Just two years after California announced its strict new vehicle emission goals, eight other states have followed its lead. But many aren’t sure that the Golden State will hit its goals, or if the state should be the nation’s model.

What happens in California doesn't stay in California — and that's particularly true when it comes to your car. Or truck. Or even train.

The California Air Resources Board (CARB) mandates all new passenger vehicles sold in the Golden State must have zero tailpipe emissions by 2035. It did the same with freight trains operating in the state, and it is mandating the retirement of any diesel locomotive more than 23 years old.

Perhaps more problematic for America's supply chain, California is also trying to force the trucking industry to adopt zero-emissions standards, too. It's requiring commercial vehicles, even heavy-duty big rigs, be zero emission by 2042, and bans the sale of bigger trucks starting in 2036.

That includes over-the-road truckers from New Mexico, North Dakota, and New Hampshire that haul freight to and from the Golden State.

"They say, 'As California goes, so goes the nation,'" said Thomas Pyle, president of the American Energy Alliance.

"Let's hope not. Gov. Gavin Newsom's attack on gas-powered cars and diesel-powered trucks and trains will be disastrous for California families. Californians already pay more for their electricity than the rest of the nation and their electricity grid is shaky at best. This fixation to electrify all modes of transportation will make things much worse. The rest of the nation should say, 'No thanks.'"

Still, after California announced two years ago that it would go down this road, eight other states have followed its lead: Delaware, Maryland, Massachusetts, New Jersey, New York, Oregon, Rhode Island, and Washington.

California says outlawing gas-powered vehicles will help solve the climate crisis. The state will need a waiver from the U.S. Environmental Protection Agency under the Clean Air Act to put the plan into place.

Industry groups and consumer advocates are lining up their opposition.

The Alliance for Automotive Innovation has filed comments with the EPA opposing California's actions, questioning the feasibility of the mandate.

"In contrast to criteria emission regulations—which can generally be met through emission system designs and are thus generally within the control of automakers in markets throughout the country— compliance with a ZEV [zero emissions vehicle] sales mandate requires consumers to choose to purchase the corresponding percentage of new vehicles of a specific type of powertrain," the group wrote.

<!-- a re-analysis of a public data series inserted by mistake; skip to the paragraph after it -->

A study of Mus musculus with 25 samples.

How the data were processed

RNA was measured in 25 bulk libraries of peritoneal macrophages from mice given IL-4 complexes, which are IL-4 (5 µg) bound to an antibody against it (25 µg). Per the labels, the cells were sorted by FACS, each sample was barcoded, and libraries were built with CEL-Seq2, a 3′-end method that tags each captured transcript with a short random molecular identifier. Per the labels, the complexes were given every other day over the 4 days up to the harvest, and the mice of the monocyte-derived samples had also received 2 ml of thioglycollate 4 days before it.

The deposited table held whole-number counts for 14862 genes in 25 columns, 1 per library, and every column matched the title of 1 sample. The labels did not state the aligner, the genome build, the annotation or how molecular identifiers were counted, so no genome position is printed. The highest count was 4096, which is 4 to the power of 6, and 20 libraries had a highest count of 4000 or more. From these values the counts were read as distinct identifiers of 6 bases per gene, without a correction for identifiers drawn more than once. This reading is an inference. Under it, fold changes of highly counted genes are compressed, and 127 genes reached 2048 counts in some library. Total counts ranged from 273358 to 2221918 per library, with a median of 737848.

"This, in turn, requires adequate electric charging and hydrogen fueling infrastructure, and will likely also require additional supportive policies such as purchase incentives and consumer education to encourage rapid increases in market uptake. Infrastructure and supportive policies are largely beyond the direct, sole control of automakers, and they vary remarkably between states."

If California believes its standards are going to send EV sales soaring, it needs to check its math.

According to Kelley Blue Book, Americans bought around 268,000 electric vehicles in the first quarter of 2024. That's a small slice of the 3.8 million cars sold in the U.S. over that same period. To put the number in perspective, that's about half the first-quarter total car sales by Toyota alone.

And that 268,000 is a 7.3 percent drop from the final quarter of 2023.

Coco Zhang, an analyst with ING, recently told CNN the EV market isn't slowing — it's entering a new phase.

"The consumers who could be potentially interested in buying one in the first place, they are more likely to have already bought an EV themselves," Zhang said. "So now, the challenge comes to unlocking the second wave of consumer adoption in those advanced economies."

Under California's mandate, 35 percent of new cars sold by 2026 must be fully electric, plug-in hybrid electric, or hydrogen fuel cell. That will increase to 68 percent by 2030 and 100 percent by 2035. The rule is expected to cost more than $210 billion.

The odds that California will hit that 35 percent target in just two years are fading. Plug-in electric vehicles still represent fewer than five percent of the cars on the road in the Golden State, and sales of zero-emissions vehicles were flat in the first three months of this year, the auto industry reports.

"The main issue, for now, is the slowing growth rate, which indicates that 2024 might be mostly flat despite new model launches, multiple EV price cuts, and very attractive lease deals," according to InsideEVs.

"[ California Air Resources Board] has an ideological commitment to reducing emissions from transportation," Diana Furchtgott-Roth, director of the Heritage Foundation's Center for Energy, Climate, and Environment, told FOX News.

"They particularly don't seem to like personal mobility, where people can go around anywhere they want in whatever kind of vehicle they want. So, they say people are just going to have to get used to electric vehicles, whether they like them or not, and go where the charging stations are. This seems to be an ideological, semi-religious, cultish viewpoint."

(c)2024 DC Journal. Distributed by Tribune Content Agency, LLC.